Thomas Jefferson Papers

To Thomas Jefferson from George Maxwell, 11 November 1803

From George Maxwell

Flemington, [11] November 1803.


Having had the honor to receive the enclosed Commission appointing me District Attorney of the United States for the District of New-Jersey, I have endeavoured as far as was in my power to merit the Confidence thus reposed in me. And I assure you Sir, that from the high opinion I entertain of the present Administration I would chearfully retain the Commission, was it not that my private affairs are such that I must attend to them, and that by being absent for some time from this State. Having considerable concerns in the western Country I must go there and attend to them or else lose very considerably. You will therefore please to accept my resignation of the appointment, and will I hope be of opinion that I would not resign it, could I attend to the Duties thereof.

I am informed and I beleive that the Republican Interest in this State will be promoted by the appointment of William S. Pennington to the office. I am of Opinion that he is fully capable of fulfilling the Duties of the Office, and I know that he is firmly attached to the present Administration.

I remain with Sentiments of the highest esteem and respect for you, Sir, Your obedient Servant,

George C. Maxwell

RC (DNA: RG 59, RD); torn at dateline; at foot of text: “Thomas Jefferson Esquire”; endorsed by TJ as a letter of 11 Nov. received the 17th and so recorded in SJL with notation “resigns as distr. Atty.” Enclosure: Commission dated 26 Jan. 1802 appointing George C. Maxwell “Attorney of the United States in and for the District of New Jersey”; signed by TJ and countersigned by Madison (FC in DNA: RG 59, MPTPC).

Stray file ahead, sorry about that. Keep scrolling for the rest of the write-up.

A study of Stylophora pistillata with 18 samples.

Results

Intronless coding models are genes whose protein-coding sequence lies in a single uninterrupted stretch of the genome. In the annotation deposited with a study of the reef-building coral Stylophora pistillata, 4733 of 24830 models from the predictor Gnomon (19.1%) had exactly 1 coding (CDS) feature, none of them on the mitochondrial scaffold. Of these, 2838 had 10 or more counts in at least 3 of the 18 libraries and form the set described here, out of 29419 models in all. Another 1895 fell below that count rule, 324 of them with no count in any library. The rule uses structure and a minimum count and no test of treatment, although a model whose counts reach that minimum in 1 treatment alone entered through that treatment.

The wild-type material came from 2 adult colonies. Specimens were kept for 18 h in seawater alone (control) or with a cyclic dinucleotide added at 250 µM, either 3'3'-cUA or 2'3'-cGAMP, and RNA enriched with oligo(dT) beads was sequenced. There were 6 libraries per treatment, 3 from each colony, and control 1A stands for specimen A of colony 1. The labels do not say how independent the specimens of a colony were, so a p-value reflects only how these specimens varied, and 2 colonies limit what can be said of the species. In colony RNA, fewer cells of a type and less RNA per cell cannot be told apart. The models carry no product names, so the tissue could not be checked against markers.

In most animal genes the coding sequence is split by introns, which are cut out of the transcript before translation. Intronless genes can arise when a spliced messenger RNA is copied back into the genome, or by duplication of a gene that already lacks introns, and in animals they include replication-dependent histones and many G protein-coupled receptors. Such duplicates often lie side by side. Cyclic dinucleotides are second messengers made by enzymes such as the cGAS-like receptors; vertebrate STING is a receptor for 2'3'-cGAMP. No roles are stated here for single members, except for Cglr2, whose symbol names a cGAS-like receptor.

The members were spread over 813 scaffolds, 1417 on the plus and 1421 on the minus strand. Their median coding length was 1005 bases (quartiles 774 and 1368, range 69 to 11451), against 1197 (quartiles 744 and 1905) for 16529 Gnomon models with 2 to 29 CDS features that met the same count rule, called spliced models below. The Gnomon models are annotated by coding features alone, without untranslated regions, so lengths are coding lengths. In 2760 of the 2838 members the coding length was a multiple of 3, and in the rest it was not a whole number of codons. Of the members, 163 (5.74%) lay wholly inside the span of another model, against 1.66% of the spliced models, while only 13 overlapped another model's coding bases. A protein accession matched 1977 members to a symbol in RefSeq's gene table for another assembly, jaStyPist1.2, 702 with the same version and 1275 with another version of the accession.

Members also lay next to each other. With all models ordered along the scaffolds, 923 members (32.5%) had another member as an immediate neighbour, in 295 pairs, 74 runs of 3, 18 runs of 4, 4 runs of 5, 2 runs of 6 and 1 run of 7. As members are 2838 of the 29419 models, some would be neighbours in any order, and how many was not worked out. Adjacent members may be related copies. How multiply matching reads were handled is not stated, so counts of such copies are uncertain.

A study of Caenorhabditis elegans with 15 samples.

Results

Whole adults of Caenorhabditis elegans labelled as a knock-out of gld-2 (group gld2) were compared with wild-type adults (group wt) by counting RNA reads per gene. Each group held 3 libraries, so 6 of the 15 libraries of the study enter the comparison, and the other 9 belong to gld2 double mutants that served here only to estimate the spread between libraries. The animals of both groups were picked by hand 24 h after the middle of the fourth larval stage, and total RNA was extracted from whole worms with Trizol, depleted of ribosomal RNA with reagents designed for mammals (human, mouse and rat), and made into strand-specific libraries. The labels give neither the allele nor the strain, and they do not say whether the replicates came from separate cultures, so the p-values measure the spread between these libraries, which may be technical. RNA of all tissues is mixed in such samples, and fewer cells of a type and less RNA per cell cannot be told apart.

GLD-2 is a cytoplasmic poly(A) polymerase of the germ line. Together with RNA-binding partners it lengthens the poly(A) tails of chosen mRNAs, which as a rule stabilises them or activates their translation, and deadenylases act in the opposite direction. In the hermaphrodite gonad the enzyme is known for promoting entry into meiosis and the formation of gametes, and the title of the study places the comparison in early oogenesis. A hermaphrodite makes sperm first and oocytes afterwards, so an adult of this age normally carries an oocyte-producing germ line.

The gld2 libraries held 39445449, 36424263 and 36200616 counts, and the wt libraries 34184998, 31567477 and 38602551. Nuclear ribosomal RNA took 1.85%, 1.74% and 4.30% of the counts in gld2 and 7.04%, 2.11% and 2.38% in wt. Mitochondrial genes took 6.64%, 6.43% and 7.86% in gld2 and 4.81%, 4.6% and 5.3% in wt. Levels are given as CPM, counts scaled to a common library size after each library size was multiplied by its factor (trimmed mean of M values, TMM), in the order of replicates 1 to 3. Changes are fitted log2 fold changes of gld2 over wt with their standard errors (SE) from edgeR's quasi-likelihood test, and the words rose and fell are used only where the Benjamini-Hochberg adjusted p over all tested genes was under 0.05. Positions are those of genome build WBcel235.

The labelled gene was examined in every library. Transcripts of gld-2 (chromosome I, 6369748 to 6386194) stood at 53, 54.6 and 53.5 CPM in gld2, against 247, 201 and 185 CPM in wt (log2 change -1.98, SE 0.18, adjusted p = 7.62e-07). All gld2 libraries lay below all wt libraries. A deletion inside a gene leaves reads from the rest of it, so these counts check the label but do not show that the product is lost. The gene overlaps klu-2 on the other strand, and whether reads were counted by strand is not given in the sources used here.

A New Jersey native, George Clifford Maxwell (1774-1816) graduated from the College of New Jersey at Princeton, studied law under James Kinsey, chief justice of the state supreme court, and was admitted to the bar in 1797. He resided in Flemington and practiced law in the Hunterdon County courts. At the urging of James Linn and other New Jersey Republicans, the president designated Maxwell U.S. attorney for New Jersey in place of Frederick Frelinghuysen, whose “midnight” appointment the president “considered as null.” TJ recorded the interim appointment at 26 June 1801; the Senate confirmed him on 26 Jan. 1802. Maxwell again held a federal office when he was elected as a Republican to the Twelfth Congress. He served a single term and then returned to his New Jersey law practice (Biog. Dir. Cong. description begins Biographical Directory of the United States Congress, 1774-1989, Washington, D.C., 1989 description ends ; J. Jefferson Looney and Ruth L. Woodward, Princetonians, 1791-1794: A Biographical Dictionary [Princeton, 1991], 194-6; Vol. 33:183, 184n, 671, 676; Vol. 36:331, 333, 336n).